The Church Jesus Built, Part 2
by Constant Coulibaly
In the second part of this article, I am more concerned with the issue as to how to prove that Jesus built the church He promised to establish. The reason for that is that some people still await the coming of the church. Members of the Roman Catholic Church often recite in concert, during their liturgies, the model prayer in Matthew 6. In so doing, they make a prayer of verse 10, which says, “thy kingdom come. Thy will be done in earth, as it is in heaven.” Also, proponents of premillennialism hold that Christ intended to establish His kingdom. However, since the Jews rejected Him, He decided to postpone His plans until His second coming. In other words, the kingdom of Christ has not been established as yet.
The term “premillennialism” derives from “premillennial,” which itself comes from two words, “pre” which means “before,” and “millennium” indicating a period of 1,000 years. Premillennialism is thus the doctrine that purports that when Christ returns to earth, He will rule for a thousand years, and that we are now living in the age just before the thousand-year reign of Christ. But we need to appreciate the fact that the term “kingdom,” in the New Testament, is used as a synonym for the word “church.” Jesus used them interchangeably (Matthew 16:18-19; Luke 22:16). When John wrote to the Christians in Asia, he let them know that he was a brother to them in Christ’s kingdom (Revelation 1:9). So, this kingdom or church was in existence in the first century (Acts 2:47; Colossians 1:13). There is therefore no need today to pray or wait for its coming.
Furthermore, Jesus said on one occasion that some of His contemporaries would not die until they had seen the “kingdom of God come with power” (Mark 9:1). And, just before He started to ascend into heaven, after resurrecting from the dead, Jesus promised His apostles that they would be the recipients of power when the Holy Spirit had come upon them (Luke 24:49; Acts 1:8). He had already made a promise concerning the advent of the Holy Spirit (John 14:16-17). But in Luke 24:49 and Acts 1:8, the emphasis seems to be on the power that the Spirit would bring.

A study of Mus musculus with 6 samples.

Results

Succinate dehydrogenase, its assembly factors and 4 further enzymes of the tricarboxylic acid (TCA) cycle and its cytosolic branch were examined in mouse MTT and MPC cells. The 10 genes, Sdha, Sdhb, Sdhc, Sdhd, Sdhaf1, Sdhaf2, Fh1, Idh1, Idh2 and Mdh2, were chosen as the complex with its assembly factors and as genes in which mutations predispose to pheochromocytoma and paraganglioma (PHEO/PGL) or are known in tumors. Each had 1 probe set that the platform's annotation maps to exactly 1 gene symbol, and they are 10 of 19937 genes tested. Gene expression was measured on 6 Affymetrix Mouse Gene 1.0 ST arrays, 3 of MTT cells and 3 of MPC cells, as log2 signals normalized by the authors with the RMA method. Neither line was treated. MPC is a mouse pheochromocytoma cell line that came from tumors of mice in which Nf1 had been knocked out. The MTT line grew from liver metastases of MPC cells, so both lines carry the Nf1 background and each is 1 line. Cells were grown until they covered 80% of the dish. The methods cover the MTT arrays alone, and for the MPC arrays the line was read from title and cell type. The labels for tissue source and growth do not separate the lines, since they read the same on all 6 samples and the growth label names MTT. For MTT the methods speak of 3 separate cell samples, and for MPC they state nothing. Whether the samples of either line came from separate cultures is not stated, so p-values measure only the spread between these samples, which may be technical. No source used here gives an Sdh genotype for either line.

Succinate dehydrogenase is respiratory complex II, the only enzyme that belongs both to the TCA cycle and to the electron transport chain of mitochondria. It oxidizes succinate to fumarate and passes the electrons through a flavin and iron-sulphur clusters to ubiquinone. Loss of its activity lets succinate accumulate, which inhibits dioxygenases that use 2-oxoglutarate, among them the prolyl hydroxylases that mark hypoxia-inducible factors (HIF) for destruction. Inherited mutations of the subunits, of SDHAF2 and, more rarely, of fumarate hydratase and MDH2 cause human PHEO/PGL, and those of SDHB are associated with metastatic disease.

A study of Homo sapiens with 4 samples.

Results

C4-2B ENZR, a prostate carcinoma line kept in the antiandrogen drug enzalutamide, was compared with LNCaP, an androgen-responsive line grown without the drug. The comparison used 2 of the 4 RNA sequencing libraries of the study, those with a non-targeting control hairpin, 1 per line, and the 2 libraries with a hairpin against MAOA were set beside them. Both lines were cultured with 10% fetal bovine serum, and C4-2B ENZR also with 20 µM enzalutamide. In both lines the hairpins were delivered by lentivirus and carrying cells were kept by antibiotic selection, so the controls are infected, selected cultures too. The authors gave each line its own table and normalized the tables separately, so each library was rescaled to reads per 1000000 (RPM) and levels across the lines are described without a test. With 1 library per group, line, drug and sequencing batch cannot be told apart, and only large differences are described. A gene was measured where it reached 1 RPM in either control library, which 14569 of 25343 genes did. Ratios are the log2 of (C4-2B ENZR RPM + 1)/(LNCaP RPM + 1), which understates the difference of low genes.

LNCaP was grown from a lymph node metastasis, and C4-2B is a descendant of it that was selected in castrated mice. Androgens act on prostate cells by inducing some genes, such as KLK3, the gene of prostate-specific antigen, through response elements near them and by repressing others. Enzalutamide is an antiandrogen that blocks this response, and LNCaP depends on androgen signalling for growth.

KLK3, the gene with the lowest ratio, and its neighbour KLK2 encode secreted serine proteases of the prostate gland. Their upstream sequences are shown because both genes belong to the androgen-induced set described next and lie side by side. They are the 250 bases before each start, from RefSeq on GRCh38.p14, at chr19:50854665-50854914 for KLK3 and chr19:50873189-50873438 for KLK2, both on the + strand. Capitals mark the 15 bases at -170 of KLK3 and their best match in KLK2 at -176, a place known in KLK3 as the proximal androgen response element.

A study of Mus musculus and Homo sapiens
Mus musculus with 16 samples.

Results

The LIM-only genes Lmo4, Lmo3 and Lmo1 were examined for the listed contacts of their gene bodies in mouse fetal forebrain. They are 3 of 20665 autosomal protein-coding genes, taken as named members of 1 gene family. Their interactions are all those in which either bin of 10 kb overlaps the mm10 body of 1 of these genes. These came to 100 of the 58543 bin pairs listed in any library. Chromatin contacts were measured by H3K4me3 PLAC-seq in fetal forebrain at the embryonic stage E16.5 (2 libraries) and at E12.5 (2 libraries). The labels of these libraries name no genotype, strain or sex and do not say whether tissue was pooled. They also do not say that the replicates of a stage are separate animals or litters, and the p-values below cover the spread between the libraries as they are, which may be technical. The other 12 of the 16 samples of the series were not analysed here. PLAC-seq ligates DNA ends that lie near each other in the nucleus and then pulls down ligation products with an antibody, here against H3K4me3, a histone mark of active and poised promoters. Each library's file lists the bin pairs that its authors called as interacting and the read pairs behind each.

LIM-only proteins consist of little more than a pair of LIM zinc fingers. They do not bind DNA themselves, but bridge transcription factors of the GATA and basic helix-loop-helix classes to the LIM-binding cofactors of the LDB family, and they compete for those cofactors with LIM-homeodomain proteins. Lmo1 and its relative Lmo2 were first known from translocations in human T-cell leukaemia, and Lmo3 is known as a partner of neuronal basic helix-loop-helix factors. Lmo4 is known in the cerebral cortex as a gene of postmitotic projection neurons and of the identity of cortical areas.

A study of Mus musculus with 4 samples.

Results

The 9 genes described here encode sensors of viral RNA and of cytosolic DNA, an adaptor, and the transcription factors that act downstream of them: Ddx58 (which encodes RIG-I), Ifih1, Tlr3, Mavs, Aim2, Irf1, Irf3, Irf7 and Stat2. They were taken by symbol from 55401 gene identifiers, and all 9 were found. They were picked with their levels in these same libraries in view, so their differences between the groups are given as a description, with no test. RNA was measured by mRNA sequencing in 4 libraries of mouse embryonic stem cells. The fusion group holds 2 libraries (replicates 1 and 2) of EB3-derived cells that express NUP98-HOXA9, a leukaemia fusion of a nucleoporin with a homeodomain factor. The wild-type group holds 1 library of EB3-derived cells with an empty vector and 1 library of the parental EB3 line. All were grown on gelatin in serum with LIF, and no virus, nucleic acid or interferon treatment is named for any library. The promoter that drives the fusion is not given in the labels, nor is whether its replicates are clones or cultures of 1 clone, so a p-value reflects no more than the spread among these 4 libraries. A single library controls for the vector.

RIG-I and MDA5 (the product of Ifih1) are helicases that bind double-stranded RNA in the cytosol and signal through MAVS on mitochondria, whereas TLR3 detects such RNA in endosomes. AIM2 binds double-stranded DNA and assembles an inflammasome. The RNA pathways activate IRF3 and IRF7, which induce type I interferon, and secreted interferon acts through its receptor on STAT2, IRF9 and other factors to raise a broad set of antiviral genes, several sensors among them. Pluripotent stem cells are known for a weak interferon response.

Notice, the kingdom was to come with power (Mark 9:1), and power with the Spirit (Acts 1:8). These three events actually took place on the day of Pentecost, and thus inaugurated the establishment of the church. The Spirit came down from heaven in the form of “a sound” (v. 2) that resembled “a rushing mighty wind” (v. 2). Verse 4 says, “And they were all filled with the Holy Ghost, and began to speak in tongues as the Spirit gave them utterance.” “They” refers to the apostles, who had been in an upper room with a number of other disciples, all of them approximating 120 people (Acts 1:13-15). Speaking in tongues or known languages, which the apostles had not learned previously was a supernatural manifestation of the power endowment that Jesus promised to give them. Some people will argue that all the individuals gathered in the upper room that day received the Spirit. Such could not be the case because Jesus promised to give the Spirit to His apostles only (John 14:16-17).
Does the Lord’s church have any other salient characteristics? Yes. Jesus Christ is the Head of it. If you are looking for a church, look for the one that honours Jesus Christ as the Head (Ephesians 1:20-22). The Lord’s church is distinct in its practices, which are clearly outlined in the New Testament. Members worship God in spirit and truth (John 4:24); it is the truth of the New Testament that directs their minds and hearts in what to do during worship to God. They make no use of mechanical instruments in worship; they only sing with their voices blended together (Ephesians 5:19; cf. Colossians 3:16).
Everyone who has been saved by baptism becomes a member of the Lord’s church (Acts 2:47). Men and women who come under the influence of the gospel of Christ, believing it, and obey His command to be baptised become members of His church. They don’t rebel against Him; they submit to His authority. This is a distinctive trait of members of the church that Jesus built. Obey today the Lord’s command to be baptised, and He will add you to His church (Acts 2:47).